There is one word that comes to my mind when I reflect on my learning about ICTs in this course so far and that is ‘why’. Why should we incorporate ICTs into our classrooms? What was so wrong with the traditional blackboard, pencil and paper method? I ask these questions not because I am against using ICTs in classrooms, but because technology was never a large part of my schooling. Even though it wasn’t that long ago, there wasn’t the broad range of ICTs available to me like there is for students nowadays. Upon completion of this course, I plan to be able to use the knowledge I gain to provide a justified answer to the questions I have raised so far in this blog.
I researched a little and came across some handy material from the English Teachers Association of NSW (which can be found here) and a snippet from Victoria’s Department of Education and Training that shows the large benefits of technology in today’s classrooms.
From these two online resources alone, I have already been able to make a list of reasons for ICT integration in classrooms and the advantages it can have, of which I am sure will grow throughout the course.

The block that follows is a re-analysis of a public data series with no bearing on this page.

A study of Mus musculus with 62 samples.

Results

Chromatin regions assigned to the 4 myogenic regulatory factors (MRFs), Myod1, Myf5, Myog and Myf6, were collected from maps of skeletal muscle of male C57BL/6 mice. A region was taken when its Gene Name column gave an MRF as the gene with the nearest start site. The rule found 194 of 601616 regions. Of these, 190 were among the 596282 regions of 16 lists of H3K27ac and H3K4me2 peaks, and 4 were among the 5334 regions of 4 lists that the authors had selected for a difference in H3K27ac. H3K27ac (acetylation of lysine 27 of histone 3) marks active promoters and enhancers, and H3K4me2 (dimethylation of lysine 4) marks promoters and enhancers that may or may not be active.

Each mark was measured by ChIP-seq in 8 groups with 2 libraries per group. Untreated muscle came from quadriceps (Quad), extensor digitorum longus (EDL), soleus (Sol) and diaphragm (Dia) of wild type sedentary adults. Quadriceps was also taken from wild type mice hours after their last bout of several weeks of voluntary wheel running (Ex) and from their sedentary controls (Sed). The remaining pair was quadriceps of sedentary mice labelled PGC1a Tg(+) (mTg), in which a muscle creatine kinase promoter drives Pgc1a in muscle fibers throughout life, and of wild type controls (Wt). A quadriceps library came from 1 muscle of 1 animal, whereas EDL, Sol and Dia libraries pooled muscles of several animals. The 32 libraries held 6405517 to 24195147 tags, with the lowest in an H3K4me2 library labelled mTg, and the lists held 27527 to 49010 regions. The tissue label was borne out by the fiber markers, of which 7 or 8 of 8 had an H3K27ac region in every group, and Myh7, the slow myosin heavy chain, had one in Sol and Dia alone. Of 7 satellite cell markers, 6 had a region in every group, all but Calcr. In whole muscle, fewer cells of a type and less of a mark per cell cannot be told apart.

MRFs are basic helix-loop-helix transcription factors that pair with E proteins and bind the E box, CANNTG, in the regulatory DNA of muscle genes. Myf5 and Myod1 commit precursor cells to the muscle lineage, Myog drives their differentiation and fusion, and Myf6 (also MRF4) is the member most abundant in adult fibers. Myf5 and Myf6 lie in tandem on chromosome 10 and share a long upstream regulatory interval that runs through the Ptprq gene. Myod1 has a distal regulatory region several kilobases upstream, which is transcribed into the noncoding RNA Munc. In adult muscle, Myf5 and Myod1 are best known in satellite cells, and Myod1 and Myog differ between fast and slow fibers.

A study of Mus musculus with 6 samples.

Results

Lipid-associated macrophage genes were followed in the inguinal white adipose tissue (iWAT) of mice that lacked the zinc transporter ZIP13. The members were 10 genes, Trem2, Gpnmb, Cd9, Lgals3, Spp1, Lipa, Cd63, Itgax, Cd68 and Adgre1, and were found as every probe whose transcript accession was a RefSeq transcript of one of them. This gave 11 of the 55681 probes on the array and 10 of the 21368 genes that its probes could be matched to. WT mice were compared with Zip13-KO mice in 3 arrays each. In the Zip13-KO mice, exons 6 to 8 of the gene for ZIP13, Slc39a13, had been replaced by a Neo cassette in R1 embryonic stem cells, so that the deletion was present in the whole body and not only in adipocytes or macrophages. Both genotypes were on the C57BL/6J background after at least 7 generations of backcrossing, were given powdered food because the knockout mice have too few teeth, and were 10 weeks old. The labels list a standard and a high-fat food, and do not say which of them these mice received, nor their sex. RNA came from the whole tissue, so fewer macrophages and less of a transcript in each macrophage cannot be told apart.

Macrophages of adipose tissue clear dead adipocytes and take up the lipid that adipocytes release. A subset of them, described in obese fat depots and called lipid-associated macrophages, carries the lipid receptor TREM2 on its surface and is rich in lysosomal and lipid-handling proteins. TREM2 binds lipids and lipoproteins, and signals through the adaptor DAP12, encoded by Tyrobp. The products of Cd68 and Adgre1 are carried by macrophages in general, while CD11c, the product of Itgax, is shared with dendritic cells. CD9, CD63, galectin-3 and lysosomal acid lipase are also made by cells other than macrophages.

ICTs in the classroom:
- Provide students with motivation to learn. Technology can act as a stimulus for students who may not want to engage in the content if it was delivered in a traditional or repetitive way.
- Have an ability to modify learning to suit the students. With so many ICTs now accessible to students, there is bound to be one per learning experience that appropriately considers student needs and assists to successfully complete the task at hand.
- Encourages student interaction. I have witnessed students eager to share their progress and thoughts with peers during learning with ICT. From this, it is obvious that students have a sense of achievement in their school experience and this is what teachers aspire for.
- Equips students for the 21st century. The workplace is becoming increasingly reliant on technology that students now need to be knowledgeable on how to use ICTs in order to later succeed within their careers.
- Enhances opportunity for metacognition. This is really important in order to foster independent learners who are able to think critically and develop their own sense of creativity.
In response to my questions earlier in this blog, it could already be said that there was never anything ‘wrong’ with the old teaching strategies that were lacking technology. Instead, using ICTs to support pedagogy is simply better suited for students in the 21st century. For those of us who find using ICTs overwhelming, the already proven benefits are one way of encouraging us to step outside our comfort zone and hop on board. If that’s not enough of a reason, maybe it is time we face Chris Betcher’s harsh reality that “you don’t have to like it, you just have to do it”.